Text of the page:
I was privileged to be the Guest Speaker at The Mingle 2018, a firearms community networking event this past Saturday. My topic was Myths, Misconceptions, and Solutions in the Firearms Training World. There is such a myriad of examples that I have decided to start writing #mythsandmisconceptionsmonday. I would like to acknowledge the influence John Farnam, Greg Hamilton, and Craig Douglas have had in the development of my fascination with the topic.
The misconception that resonated the most with the audience was Training is not an event, it’s a process. Too often in the training community, we put on a training event and our clients then leave with the impression they are ‘trained.’ Nothing could be further from the truth. Training is only the preparation for practice.
Regardless of how fundamental or how complex the training is, practice afterward is essential. The practice will then prepare the client to apply those skills reflexively. Without subsequent practice, the skills will soon be lost. Practice can also prepare the client for training at a higher level. The NRA Training Department’s progression of Basics Of Pistol Shooting, Personal Protection In The Home, and Personal Protection Outside The Home is a good example of a training process that involves clients over a period of time.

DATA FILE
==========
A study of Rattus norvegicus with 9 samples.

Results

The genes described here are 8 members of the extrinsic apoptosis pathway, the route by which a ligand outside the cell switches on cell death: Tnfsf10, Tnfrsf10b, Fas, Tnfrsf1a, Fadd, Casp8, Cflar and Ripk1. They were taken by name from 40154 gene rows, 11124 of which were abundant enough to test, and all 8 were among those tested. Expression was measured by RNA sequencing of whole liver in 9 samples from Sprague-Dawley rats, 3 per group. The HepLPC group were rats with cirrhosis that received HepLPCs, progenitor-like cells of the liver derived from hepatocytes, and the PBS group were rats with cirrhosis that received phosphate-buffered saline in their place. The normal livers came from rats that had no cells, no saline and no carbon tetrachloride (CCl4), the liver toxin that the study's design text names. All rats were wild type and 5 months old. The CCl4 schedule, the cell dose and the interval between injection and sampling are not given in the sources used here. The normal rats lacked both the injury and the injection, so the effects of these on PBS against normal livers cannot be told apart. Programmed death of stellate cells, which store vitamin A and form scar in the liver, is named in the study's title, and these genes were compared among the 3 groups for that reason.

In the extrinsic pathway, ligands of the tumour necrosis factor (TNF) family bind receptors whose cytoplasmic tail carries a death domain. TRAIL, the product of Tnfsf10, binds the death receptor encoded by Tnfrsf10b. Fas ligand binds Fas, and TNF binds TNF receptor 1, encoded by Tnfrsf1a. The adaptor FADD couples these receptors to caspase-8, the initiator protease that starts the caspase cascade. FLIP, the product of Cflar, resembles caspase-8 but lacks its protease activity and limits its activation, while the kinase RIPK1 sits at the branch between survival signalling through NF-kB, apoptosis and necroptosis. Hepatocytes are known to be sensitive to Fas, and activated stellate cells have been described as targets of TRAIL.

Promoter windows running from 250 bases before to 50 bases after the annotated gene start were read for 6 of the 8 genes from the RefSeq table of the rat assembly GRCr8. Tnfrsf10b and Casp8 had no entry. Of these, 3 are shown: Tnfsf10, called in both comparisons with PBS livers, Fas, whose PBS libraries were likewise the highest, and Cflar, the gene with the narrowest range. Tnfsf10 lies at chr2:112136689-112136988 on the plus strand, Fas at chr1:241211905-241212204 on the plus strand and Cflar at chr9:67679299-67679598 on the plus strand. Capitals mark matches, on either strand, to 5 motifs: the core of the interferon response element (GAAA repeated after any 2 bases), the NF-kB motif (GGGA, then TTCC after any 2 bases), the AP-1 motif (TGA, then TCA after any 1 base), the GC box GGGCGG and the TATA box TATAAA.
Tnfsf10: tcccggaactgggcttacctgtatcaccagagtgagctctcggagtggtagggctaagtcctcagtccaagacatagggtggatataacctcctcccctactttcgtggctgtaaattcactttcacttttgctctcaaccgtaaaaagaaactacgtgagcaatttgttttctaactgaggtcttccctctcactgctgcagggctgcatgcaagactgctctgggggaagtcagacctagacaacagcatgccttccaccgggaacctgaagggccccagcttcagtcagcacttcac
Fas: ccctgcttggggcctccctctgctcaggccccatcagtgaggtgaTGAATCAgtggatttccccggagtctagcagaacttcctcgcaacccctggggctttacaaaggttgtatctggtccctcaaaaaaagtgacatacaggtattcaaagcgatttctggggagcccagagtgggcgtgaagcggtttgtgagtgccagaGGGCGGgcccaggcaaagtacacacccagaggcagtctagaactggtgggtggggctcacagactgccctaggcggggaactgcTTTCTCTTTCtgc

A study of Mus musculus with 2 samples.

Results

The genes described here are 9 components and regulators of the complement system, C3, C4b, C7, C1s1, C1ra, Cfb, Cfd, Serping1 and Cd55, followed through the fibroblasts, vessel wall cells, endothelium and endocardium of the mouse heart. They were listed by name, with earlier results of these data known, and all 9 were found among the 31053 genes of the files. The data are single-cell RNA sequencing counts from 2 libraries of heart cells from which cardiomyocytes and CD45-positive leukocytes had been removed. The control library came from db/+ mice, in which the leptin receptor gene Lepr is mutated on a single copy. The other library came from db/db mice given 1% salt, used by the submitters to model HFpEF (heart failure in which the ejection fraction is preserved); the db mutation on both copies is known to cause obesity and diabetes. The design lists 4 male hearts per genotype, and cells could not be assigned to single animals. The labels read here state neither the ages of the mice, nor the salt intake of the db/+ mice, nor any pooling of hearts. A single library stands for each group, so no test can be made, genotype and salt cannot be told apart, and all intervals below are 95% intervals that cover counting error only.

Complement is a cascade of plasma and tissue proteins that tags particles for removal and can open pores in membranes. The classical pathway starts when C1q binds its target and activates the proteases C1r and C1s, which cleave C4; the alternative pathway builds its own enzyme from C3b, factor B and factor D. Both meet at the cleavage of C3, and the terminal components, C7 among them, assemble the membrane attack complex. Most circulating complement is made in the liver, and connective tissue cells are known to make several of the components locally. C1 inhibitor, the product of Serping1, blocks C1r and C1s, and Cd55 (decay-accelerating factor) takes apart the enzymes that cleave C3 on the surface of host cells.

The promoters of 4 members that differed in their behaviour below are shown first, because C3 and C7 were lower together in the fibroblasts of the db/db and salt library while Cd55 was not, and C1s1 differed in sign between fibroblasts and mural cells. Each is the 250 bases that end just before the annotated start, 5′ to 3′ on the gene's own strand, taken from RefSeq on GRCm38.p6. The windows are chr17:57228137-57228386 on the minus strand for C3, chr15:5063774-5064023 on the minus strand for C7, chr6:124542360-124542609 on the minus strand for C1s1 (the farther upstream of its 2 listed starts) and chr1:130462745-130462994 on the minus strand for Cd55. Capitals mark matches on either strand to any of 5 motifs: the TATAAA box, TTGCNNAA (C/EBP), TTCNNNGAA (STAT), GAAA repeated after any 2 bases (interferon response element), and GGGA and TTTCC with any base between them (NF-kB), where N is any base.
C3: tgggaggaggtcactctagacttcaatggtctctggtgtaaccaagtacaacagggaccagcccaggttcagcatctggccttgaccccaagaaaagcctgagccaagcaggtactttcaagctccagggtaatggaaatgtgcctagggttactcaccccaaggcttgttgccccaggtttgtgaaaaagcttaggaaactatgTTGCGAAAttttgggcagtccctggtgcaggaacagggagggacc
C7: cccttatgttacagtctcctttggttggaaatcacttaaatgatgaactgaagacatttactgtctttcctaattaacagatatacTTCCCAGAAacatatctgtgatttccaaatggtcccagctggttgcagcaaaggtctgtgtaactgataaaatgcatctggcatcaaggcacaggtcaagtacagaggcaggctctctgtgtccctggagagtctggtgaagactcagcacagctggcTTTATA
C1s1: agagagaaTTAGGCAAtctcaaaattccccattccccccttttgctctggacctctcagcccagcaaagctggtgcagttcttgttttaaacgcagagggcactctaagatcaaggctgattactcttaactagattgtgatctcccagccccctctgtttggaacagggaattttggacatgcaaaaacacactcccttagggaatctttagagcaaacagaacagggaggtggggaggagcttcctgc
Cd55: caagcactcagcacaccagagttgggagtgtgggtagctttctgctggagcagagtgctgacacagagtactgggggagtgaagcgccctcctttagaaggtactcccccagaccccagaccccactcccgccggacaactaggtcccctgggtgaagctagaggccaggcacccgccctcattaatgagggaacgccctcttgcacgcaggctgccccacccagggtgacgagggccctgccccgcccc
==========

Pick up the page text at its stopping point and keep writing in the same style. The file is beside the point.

The NRA recognizes the necessity for practice after a course by including in every training course syllabus a follow-up program for the clients to follow. The follow-up Skill Development Exercises consist of a series of repetitive drills that reinforce the skills taught in that class. The Marksmanship Qualification Program is yet another possible means of practicing and furthering a client’s skillset.
We instructors often complain that our clients rarely come back for additional training. Perhaps that’s because we don’t do a good job of educating our clients that they have started on a journey, not reached a destination.